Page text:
Selenium: The valuable mineral you can have too much of.
Posted Apr 24 2012 10:16pm
Can you have too much of a good thing? It seems that our modern diets are deficient in valuable minerals, partly due to what we choose to eat, and also from modern agricultural practices. And yet selenium is unique as a mineral you need to be careful with when supplementing, because it can build up in your body. The toxicity of selenium has been known since horses in certain parts of China and the USA became fatally ill, after a long period of eating grains grown in soil with a very high selenium content.
Actually, selenium is a difficult mineral to pin down in lots of ways. How much selenium is contained in your food depends on how much was in the animal, or the soil the plant you ate was grown in. Some foods, particularly Brazil nuts and brassica vegetables (garlic, onion and broccoli) can accumulate selenium. Brazil nuts harvested in different parts of Brazil have been found to contain up to 10 times more selenium, simply due to the different selenium content of the soil. To complicate matters, the biochemical process your body uses to absorb selenium, although efficient, is still unclear. There are different forms of selenium too, which can affect how much is absorbed from your food.
If you take in too much selenium (only likely if you take too much as supplements) you can experience symptoms of toxicity, as your body will continually accumulate it. Because of this, there are often warnings on supplements containing selenium, that list the safe upper limit for dosing.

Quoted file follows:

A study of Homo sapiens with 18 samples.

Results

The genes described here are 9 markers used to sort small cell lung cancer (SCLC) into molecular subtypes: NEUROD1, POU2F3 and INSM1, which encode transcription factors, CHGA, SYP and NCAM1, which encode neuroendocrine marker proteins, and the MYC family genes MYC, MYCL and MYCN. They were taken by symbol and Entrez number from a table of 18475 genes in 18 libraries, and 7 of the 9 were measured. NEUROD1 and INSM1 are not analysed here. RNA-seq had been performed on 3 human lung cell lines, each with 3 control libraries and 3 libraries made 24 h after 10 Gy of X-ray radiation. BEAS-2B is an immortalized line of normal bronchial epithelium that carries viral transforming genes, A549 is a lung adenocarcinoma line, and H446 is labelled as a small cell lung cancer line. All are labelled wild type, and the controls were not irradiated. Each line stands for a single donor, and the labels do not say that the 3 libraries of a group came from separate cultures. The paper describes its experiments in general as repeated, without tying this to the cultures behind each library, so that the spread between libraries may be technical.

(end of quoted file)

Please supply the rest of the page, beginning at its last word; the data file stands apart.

Although it can be dangerous in large quantities, it’s still a valuable nutrient. Selenium acts as an antioxidant, actively helping slow the ageing process by soaking up free radicals, and promoting healthier DNA reproduction in cell division. Selenium is also part of the enzyme that helps convert your thyroid hormones to their active form; this helps keep your metabolism ticking over at the right speed.
As with all other nutrients, the most efficient way to supplement selenium is with food, unless your health professional has identified that you really do have a deficiency. The best food sources of selenium are Brazil nuts, vegetables in the brassica family, tuna, oysters, chicken livers, sesame seeds, sunflower seeds and whole grains. How much selenium is in your food will vary; so for best results, choose as wide a variety of foods as possible.